Because every mom knows her baby is one in a million, but never dreams he’ll be 1/123,000.
We walked for our son yesterday. I wrote the words above in my Facebook status yesterday, and “came out” as a parent of a kid with MD. Obviously if you’re reading this, you know about my son’s diagnosis, but the big, wide world didn’t. It’s not a secret or anything, but in my mind there is some distinction between telling his tale and telling mine. This blog is MY story, not my kid’s story. This is my experience as his parent–it isn’t about my son’s experience of it. Someone suggested this blog was all about me, and not him. Um, yeah, that’s because it is. I can’t write for him, I can only write about him.
I cried my eyes out Saturday night before bed. Ugly cried my eyes out until exhaustion and a heavy heart won the battle for consciousness. My husband was reflective, sad. He and I face nerves differently. You may not be surprised to learn that I talk through my nerves, and as has previously been established, I talk a lot on an average day. A LOT. When I’m nervous, every thought that passes through to the next synapse, very quickly comes out of my mouth and every muscle in my body moves. I’m a flurry of non-purposeful activity, and my heart races. It is not pretty. My husband gets quieter and his voice adopts a tone that sounds assertive and razor-sharp. When he’s nervous, he knocks out a million unrelated tasks that would otherwise take him a couple days in about 5 minutes, and when he’s nervous, he has to be on time. And by on time, I mean early. So we were early yesterday even though I wanted to be late. And by late, I mean precisely on-time.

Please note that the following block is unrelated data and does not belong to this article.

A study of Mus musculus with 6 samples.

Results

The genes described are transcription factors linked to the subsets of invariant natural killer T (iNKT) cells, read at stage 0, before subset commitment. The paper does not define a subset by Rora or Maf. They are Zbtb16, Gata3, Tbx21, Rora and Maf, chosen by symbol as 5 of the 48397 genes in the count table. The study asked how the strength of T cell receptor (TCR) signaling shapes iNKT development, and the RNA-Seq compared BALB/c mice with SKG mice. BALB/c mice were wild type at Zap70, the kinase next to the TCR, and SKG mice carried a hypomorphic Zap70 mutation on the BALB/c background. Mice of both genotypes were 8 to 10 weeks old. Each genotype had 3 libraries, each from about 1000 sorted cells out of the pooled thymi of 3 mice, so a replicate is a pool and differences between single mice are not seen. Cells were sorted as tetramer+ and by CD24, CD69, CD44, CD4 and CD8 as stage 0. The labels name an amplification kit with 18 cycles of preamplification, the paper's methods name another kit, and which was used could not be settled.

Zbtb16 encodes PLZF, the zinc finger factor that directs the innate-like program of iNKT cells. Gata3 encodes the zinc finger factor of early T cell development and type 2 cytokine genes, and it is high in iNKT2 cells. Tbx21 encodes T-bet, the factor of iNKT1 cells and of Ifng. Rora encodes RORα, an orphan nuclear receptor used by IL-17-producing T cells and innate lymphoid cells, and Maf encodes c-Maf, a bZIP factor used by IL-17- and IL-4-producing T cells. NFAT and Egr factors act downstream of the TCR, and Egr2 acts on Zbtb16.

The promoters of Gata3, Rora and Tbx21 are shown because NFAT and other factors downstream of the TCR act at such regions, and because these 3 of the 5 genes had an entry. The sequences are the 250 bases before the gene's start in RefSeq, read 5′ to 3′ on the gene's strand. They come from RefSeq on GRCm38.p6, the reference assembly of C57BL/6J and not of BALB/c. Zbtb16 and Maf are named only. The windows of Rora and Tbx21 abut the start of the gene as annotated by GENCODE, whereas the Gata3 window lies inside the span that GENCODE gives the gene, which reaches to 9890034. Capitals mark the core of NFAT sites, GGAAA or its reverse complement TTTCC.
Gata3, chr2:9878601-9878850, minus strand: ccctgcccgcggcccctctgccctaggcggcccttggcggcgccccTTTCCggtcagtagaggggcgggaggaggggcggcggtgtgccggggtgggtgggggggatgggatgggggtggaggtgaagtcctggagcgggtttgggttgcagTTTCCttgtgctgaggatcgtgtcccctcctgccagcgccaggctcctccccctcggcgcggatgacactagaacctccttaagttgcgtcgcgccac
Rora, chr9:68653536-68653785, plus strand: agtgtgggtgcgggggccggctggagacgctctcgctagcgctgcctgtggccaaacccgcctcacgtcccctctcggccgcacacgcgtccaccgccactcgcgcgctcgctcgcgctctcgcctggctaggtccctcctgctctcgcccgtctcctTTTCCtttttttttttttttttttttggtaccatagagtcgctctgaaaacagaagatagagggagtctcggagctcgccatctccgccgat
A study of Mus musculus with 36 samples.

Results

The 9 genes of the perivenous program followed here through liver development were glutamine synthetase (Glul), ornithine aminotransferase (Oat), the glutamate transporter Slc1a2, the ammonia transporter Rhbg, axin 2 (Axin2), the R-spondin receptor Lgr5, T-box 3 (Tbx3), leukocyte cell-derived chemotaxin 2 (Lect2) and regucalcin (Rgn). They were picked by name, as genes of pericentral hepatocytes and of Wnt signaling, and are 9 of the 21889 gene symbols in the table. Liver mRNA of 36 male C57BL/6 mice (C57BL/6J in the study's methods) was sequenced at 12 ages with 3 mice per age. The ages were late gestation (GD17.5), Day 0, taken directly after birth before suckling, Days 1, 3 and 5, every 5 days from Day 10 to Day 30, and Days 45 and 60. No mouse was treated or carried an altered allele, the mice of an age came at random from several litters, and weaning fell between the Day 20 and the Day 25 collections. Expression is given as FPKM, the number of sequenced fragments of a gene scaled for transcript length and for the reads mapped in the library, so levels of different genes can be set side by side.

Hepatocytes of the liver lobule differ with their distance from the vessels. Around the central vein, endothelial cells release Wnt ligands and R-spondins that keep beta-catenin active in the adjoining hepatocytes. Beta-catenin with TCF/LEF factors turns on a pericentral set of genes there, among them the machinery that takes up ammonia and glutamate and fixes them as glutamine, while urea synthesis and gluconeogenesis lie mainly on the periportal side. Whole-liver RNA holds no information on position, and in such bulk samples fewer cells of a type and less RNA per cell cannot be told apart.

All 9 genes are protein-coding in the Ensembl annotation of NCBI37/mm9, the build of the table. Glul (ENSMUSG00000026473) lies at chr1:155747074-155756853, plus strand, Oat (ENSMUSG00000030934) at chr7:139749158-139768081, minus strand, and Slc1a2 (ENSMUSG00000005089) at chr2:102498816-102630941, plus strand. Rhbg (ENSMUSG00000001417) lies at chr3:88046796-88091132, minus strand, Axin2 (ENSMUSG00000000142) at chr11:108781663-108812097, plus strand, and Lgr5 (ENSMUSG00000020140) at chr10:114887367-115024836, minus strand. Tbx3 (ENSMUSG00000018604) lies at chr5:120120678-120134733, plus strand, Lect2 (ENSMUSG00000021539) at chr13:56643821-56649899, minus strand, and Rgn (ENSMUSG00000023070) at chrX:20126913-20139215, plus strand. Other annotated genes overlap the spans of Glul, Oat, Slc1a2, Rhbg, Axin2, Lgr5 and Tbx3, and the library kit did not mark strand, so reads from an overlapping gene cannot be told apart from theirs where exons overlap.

The MDA Muscle Walk wasn’t so scary after all. We saw kids and adults whose MD ranged from barely detectable to profound. We saw a $26,000 (holy crap!) wheelchair driven by a pretty cool customer who joked and shared his camp stories. I briefly chatted with a mom who raised over $17,000 for MDA. Whaaaa? We saw smiles and high fives and several hundred people who looked a lot like us. My son was curious and alert and moderately into it–he said he had fun, and I believe that he did. His biggest concern/complaint? That our team didn’t have shirts. “How do people even know we’re a team if we don’t have team shirts, mom?” Rookie mistake. We were nervous, but that turned out not to be necessary. My husband and I were exhausted yesterday upon our arrival home. Walking–really, worrying about walking–was exhausting.
Team Greater Than Gravity raised over $1900. Who are these amazing people? My friends. My family. My heart. Next year there will be a uniform.